Posted at 8:11 AM, Jun 07, 2024

SAN DIEGO (KGTV) -- One leader at Marine Corps Air Station Miramar has made shattering the glass ceiling look easy, and after helping open the door for the next generation of female Marines, Sgt. Maj. Rosalia Scifo is calling it a career.

Scifo, who helped run the 3rd Marine Aircraft Wing at MCAS Miramar, retired from active duty on Friday.

Scifo’s office is the flight line of the original “Fightertown USA,” so it’s no wonder she gets choked up reflecting on three decades as a U.S. Marine.

“It’s the people; it’s the people that make the Marine Corps. I mean, it's a people’s organization," she said.

Scifo retires after reaching the highest enlisted rank and as the second highest billet as a female Sergeant Major.

“To my female Marines, I hope that I’m that symbol of they can do it. I’m that example of ‘I can do it,’ because you can. I’m that proof that the ability is there," she said.

Scifo enlisted in 1994 after finding college wasn’t for her. Her goal was to serve as law enforcement.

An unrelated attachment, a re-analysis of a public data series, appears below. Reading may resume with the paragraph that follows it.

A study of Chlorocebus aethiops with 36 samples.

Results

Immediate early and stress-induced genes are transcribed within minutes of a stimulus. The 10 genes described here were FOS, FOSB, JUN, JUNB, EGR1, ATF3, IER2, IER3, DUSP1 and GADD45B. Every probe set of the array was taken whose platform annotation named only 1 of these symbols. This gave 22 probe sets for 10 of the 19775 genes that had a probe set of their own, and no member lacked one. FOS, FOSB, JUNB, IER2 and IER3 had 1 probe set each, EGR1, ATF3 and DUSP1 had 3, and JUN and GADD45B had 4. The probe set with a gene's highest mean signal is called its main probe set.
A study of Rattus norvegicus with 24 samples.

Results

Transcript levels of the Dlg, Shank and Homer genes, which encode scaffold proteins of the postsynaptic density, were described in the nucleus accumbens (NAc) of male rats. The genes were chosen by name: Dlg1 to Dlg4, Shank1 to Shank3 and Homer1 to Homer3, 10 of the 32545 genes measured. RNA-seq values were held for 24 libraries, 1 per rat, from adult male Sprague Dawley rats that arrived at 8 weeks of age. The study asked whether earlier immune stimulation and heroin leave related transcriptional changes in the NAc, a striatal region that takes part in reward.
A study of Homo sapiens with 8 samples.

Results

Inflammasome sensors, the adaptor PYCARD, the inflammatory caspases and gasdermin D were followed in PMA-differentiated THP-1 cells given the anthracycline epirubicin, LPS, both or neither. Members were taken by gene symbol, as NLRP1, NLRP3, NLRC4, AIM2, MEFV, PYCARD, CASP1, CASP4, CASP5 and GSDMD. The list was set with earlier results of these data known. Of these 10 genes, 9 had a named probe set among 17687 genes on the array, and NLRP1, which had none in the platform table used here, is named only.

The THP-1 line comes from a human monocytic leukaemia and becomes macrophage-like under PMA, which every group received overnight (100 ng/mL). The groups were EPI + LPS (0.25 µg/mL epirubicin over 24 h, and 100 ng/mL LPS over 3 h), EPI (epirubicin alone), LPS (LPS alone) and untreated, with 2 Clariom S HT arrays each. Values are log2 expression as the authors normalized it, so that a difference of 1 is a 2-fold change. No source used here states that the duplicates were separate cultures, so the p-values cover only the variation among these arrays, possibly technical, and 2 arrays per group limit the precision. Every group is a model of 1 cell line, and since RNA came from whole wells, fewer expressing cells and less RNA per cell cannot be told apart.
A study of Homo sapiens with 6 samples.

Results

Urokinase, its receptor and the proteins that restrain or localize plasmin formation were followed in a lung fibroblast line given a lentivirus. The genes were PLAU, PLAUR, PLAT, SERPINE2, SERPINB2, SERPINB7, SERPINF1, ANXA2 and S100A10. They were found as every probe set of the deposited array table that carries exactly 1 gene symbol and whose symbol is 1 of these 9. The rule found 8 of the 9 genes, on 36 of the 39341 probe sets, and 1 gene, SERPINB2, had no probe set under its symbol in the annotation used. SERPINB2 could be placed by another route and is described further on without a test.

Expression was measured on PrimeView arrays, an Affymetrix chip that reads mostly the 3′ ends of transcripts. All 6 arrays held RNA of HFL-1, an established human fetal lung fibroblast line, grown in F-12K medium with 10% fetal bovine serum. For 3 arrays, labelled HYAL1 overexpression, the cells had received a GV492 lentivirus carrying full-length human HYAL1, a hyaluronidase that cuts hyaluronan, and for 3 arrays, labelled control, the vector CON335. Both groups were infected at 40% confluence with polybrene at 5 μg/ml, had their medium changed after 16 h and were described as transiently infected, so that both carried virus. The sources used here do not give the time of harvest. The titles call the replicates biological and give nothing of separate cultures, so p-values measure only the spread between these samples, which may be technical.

She accomplished that as a military police officer. She said it was a job not many women had.

“It was challenging because it’s a very male-dominant organization, and most of the time if we did make it, it was usually behind an administrative position," she said.

Scifo thought she would complete one enlistment and use her skills in the civilian world, but instead, she became a drill instructor and continued to climb the ranks.

As she climbed up the ranks, she was able to learn something new and impact other Marines. That’s show she was able to work in Marine aviation.

“My first stint in command of aviation was with this squadron. This aircraft right here is the F-18. That was my first time seeing what aviation brings to the table. It’s pretty impressive. It’s pretty humbling, and it gave me a whole other taste of the Marine Corps," Scifo said.

She accomplished all of this as a wife and mother of two.

Scifo knows she isn't the only working mom in the Marine Corps and tells the others it's all about communication.

“Our shift doesn't end when we leave here; our second shift starts when we get home. You just really, really have to work and prioritize that work-life balance. So, when you're at work, it's 100 percent, and when you're at home, it's 100 percent," she said.

While her journey wasn't always easy, Scifo never forgot why she became a Marine and encouraged current and future Marines to do the same.